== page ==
CASTLE ROCK, Colo. – Charges will not be filed against the driver of the pickup truck that fatally struck Colorado State Patrol Trooper William Moden in June, officials announced at a news conference Thursday.
Moden, 37, was struck and killed along Interstate 70 in eastern Colorado on June 14. Moden was investigating a crash on on I-70 between Limon and Peoria, near Deer Trail, when he was hit by another vehicle while he was outside of his patrol vehicle, officials have said.
Colorado State Patrol Chief Matthew Packard on Thursday said Moden was standing in the left lane of the highway, mapping the initial crash as part of his investigation, when he was struck by a Ford F-250 pickup truck driven by a 58-year-old man.
The man was driving at or below the speed limit, the investigation found, and he was paying to attention to the patrol cars on the right side of the highway, Packard said. He noticed Moden just moments before the crash, and Moden was thrown into the center median, where another trooper began life-saving measures.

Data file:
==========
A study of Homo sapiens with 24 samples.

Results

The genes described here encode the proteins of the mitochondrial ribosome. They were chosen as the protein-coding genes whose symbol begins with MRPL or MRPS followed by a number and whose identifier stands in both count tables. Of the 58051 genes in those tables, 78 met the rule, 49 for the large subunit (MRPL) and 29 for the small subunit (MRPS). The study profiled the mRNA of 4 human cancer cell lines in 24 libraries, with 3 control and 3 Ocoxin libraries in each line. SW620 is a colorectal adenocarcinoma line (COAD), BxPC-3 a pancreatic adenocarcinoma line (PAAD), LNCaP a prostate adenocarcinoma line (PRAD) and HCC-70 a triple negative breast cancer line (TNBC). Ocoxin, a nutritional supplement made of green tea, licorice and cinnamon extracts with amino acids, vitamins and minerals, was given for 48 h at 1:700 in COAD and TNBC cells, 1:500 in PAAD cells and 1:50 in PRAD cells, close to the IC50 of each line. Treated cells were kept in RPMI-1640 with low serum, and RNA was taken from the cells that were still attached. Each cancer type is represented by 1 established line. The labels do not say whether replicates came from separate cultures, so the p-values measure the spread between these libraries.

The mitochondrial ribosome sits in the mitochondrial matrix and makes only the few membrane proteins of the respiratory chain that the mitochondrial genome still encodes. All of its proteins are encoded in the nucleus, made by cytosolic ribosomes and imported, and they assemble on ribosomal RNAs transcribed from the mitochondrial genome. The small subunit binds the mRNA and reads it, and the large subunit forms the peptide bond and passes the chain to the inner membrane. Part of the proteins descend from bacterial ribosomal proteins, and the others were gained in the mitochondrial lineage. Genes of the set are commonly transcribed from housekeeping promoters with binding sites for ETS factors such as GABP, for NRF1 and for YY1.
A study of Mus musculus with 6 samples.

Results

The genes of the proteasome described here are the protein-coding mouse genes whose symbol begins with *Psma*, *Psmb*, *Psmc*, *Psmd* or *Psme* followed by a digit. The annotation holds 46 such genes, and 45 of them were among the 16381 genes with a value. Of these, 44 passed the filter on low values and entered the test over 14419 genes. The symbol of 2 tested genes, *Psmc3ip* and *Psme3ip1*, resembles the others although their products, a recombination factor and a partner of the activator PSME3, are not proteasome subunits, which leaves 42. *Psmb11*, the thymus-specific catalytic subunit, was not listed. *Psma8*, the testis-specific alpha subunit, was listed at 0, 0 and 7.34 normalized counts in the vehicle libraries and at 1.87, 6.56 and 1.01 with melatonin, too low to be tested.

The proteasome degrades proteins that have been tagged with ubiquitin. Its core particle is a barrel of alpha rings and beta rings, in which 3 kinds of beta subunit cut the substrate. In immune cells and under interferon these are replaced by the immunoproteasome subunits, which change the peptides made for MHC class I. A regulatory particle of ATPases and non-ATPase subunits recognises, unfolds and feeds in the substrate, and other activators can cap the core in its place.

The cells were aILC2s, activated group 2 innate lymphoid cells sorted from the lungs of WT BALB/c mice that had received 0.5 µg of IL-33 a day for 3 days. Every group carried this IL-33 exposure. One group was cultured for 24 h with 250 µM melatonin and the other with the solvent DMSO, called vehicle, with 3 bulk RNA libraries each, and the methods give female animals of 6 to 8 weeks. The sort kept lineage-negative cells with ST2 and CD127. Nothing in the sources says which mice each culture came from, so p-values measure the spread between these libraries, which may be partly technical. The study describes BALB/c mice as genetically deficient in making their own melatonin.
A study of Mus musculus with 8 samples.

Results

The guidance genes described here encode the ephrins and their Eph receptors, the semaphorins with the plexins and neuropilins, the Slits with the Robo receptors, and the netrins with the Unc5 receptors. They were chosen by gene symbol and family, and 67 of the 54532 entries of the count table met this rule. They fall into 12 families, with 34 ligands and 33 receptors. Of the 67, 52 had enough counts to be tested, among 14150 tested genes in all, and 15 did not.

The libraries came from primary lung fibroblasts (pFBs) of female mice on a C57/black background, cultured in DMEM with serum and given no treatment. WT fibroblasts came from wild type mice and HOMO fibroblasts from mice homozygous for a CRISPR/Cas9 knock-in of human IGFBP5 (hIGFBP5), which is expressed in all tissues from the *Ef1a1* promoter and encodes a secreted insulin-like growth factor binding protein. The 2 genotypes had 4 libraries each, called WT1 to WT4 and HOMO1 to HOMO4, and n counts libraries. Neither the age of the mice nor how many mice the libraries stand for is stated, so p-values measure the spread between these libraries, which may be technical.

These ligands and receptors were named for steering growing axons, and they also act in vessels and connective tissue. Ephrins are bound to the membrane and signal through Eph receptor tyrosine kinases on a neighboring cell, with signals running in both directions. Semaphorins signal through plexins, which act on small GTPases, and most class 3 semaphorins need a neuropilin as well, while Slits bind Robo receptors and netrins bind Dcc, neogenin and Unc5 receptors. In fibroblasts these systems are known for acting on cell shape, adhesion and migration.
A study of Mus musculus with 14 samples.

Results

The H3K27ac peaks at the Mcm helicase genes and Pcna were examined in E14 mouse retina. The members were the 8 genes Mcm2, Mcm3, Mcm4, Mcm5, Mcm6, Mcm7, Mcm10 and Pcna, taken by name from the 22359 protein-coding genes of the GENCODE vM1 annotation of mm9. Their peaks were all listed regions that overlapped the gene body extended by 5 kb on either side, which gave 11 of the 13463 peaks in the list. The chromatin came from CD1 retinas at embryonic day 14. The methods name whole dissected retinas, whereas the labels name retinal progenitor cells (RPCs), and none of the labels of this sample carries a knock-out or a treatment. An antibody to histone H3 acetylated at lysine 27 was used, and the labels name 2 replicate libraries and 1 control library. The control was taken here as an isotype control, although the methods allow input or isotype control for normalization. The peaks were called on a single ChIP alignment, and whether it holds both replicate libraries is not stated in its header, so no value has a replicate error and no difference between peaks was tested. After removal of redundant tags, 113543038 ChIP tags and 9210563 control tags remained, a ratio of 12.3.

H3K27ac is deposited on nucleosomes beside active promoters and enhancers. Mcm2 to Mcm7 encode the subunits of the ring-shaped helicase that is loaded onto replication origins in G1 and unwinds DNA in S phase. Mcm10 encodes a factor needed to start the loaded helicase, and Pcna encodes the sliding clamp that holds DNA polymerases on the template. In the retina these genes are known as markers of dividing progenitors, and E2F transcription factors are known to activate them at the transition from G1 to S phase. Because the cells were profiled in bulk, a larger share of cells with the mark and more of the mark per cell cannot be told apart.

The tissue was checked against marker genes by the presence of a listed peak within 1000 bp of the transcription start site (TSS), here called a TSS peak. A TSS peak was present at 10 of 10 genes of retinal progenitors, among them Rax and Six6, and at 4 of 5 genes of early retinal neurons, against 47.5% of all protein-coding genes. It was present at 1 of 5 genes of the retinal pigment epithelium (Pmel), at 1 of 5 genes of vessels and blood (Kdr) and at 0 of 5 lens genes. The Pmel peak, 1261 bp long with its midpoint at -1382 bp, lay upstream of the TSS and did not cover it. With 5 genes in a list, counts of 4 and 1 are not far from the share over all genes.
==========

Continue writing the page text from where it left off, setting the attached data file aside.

The driver of the F-250 "stopped immediately," Packard said, and was "incredibly cooperative" with the investigation. He offered a voluntary blood test, which showed no signs of impairment. Investigators also analyzed his cell phone and it didn't appear that the driver was distracted at the time of the crash, Packard said.
"We do not believe the driver violated any law," Packard said. "The driver complied with Colorado law and did everything he was supposed to do."
District Attorney George Brauchler said he agreed with the decision to not file charges against the driver and that the Colorado State Patrol's investigation was unbiased.
"It would have been easy to lean toward finding something wrong rather than looking for the truth of what happened," Brauchler said. "Through this investigation, which I really respect how they approached this and did this, the right thing is to not file criminal charges against this individual."